To provide Internet connectivity to homes, ISPs often provide a gateway device to their customers. By connecting a router to the gateway, users create their own local network. A gateway used to be a layer-2 device that extends WAN into an individual's home, but it now provides routing functionality built into the gateway so the term is loosely used.

What is a gateway?

A gateway is a networking device that connects one or more dissimilar networks. The term, "gateway" is used loosely and has different meanings depending on how it is used. A gateway is usually provided by your ISP and provides a connectivity to the Internet.

Gateway is often referred to as modems as traditional dial-up connection required a modem (modulator-demodulator) to convert analog signals into digital signals. Today, there are three types of modems: a cable modem, DSL, and Dial-up. Modems connect two dissimilar networks, and whatever received in one end must be passed to the other end. Modems are layer-2 devices and have no routing capabilities.

As many ISPs provide an integrated modem with a router, and it is often called gateways. AT&T cable, AT&T DSL, Verizon Fios, and many other ISPs bundle a modem with a router and provide it as a "gateway" to end-users, and provide connectivity to the Internet.

What is a router?

A router is a layer-3 networking device that connects one or more similar networks. A router uses its routing table to decide if IP traffic arriving at one end should be passed on to the adjacent network based on the shortest path. To give you an example, we'll use a home router to illustrate the points. The home routers we use today allow a user to create a LAN (Local Area Network), and connects the LAN to the ISP provided WAN (Wide Network Area) connection through the gateway. If your home computer is accessing a NAS drive connected to your router, the traffic does not leave your LAN. If, however, your neighbor trying to connect to Google may send signals on the same coax and your router may be listening to it, but it will ignore the traffic as it is not destined to your network.

Home routers are also called residential gateways and are acting as front-line defense hardware protecting various cyber attacks by implementing a firewall. Almost all home routers sold today implement DHCP, Wi-Fi Hotspot, and ethernet switch to function as multi-purpose networking device and alleviates a need to purchase individual networking devices.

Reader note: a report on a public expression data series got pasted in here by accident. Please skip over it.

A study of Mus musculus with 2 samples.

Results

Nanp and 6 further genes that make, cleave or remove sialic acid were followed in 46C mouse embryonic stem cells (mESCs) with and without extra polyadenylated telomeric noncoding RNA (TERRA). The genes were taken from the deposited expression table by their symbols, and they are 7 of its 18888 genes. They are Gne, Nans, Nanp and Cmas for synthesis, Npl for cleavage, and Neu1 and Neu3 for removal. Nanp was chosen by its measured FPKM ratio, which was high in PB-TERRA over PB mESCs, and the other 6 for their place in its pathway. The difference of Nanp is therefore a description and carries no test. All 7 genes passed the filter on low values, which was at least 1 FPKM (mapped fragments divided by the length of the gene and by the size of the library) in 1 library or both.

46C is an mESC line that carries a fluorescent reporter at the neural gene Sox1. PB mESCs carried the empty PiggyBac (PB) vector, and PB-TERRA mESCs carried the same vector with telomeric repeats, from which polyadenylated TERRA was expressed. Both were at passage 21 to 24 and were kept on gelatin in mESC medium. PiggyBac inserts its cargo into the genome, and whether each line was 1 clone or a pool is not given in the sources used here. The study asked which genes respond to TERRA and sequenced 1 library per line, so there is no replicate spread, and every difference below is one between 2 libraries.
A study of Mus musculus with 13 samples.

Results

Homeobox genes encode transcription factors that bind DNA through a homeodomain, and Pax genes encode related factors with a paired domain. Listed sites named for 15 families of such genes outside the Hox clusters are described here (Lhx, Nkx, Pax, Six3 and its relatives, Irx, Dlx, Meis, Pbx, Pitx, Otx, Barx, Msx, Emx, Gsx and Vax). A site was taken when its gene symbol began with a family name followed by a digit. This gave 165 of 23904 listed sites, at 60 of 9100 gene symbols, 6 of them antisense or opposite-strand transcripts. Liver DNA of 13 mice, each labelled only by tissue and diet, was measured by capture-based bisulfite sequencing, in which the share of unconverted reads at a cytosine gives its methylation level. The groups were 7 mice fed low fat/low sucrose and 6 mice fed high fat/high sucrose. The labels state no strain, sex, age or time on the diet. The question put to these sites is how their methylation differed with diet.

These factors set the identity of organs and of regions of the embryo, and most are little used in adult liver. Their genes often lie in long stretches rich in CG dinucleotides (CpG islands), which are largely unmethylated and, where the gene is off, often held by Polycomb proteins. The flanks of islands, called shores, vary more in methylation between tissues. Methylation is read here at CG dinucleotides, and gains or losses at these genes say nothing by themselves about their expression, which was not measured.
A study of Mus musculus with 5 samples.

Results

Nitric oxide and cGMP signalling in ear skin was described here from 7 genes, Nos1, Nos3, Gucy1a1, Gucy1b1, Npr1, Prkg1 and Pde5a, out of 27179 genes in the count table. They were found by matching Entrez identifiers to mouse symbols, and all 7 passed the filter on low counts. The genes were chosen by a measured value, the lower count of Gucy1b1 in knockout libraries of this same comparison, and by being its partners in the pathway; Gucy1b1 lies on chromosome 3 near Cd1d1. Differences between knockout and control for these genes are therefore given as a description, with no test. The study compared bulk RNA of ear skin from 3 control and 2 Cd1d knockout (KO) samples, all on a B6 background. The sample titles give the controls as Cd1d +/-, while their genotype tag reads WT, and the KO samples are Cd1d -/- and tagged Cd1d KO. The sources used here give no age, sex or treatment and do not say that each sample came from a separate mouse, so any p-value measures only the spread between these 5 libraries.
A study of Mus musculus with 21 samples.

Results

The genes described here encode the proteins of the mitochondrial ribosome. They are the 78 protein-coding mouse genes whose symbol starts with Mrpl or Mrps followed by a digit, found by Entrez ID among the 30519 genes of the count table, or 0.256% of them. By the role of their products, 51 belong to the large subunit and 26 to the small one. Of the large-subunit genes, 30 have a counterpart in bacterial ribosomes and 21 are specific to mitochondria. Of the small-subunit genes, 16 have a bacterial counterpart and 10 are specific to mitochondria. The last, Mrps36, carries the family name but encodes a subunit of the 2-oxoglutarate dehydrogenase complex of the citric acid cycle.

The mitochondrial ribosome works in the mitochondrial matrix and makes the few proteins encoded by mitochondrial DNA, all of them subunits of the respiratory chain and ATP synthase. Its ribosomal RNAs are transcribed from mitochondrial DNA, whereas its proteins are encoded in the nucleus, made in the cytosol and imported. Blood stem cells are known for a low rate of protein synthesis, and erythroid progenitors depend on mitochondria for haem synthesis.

You may add another home router in tandem with your primary router to create a subnetwork (i.e. guest network) to disallow devices connected to the subnetwork to see your main LAN. Some high-end home routers allow you to create two Wi-Fi networks inside your main router to separate the guest network.

What is a switch?

A switch is a networking device designed to provide additional connectivity to the network. Switches do this by providing additional ethernet ports and connect more computing or networking devices to the existing network. A typical Ethernet switch comes in 4-port, 8-port, 16-port, or 32-port, and it is merely used to extend the existing network. A switch used to be called a hub, but switches have a built-in switching function that reduces collision. Hub is a layer-1 (physical) device that connects every device onto a common bus causing lots of collisions, while the switch is a layer-2 device that does a switching function to minimize the collision.


Modems, gateways, and routers are networking devices that interconnect networks while switches and hubs are used to extend the existing network by providing additional ethernet ports. To provide an Internet connection to a user, a gateway is used to connect the ISP's WAN to an internal LAN. A LAN is extended with switches to provide more physical connections to the computing devices and prevent collisions. A hub is very rarely used today as it's not a very efficient device causing collisions when multiple devices try to talk to each other.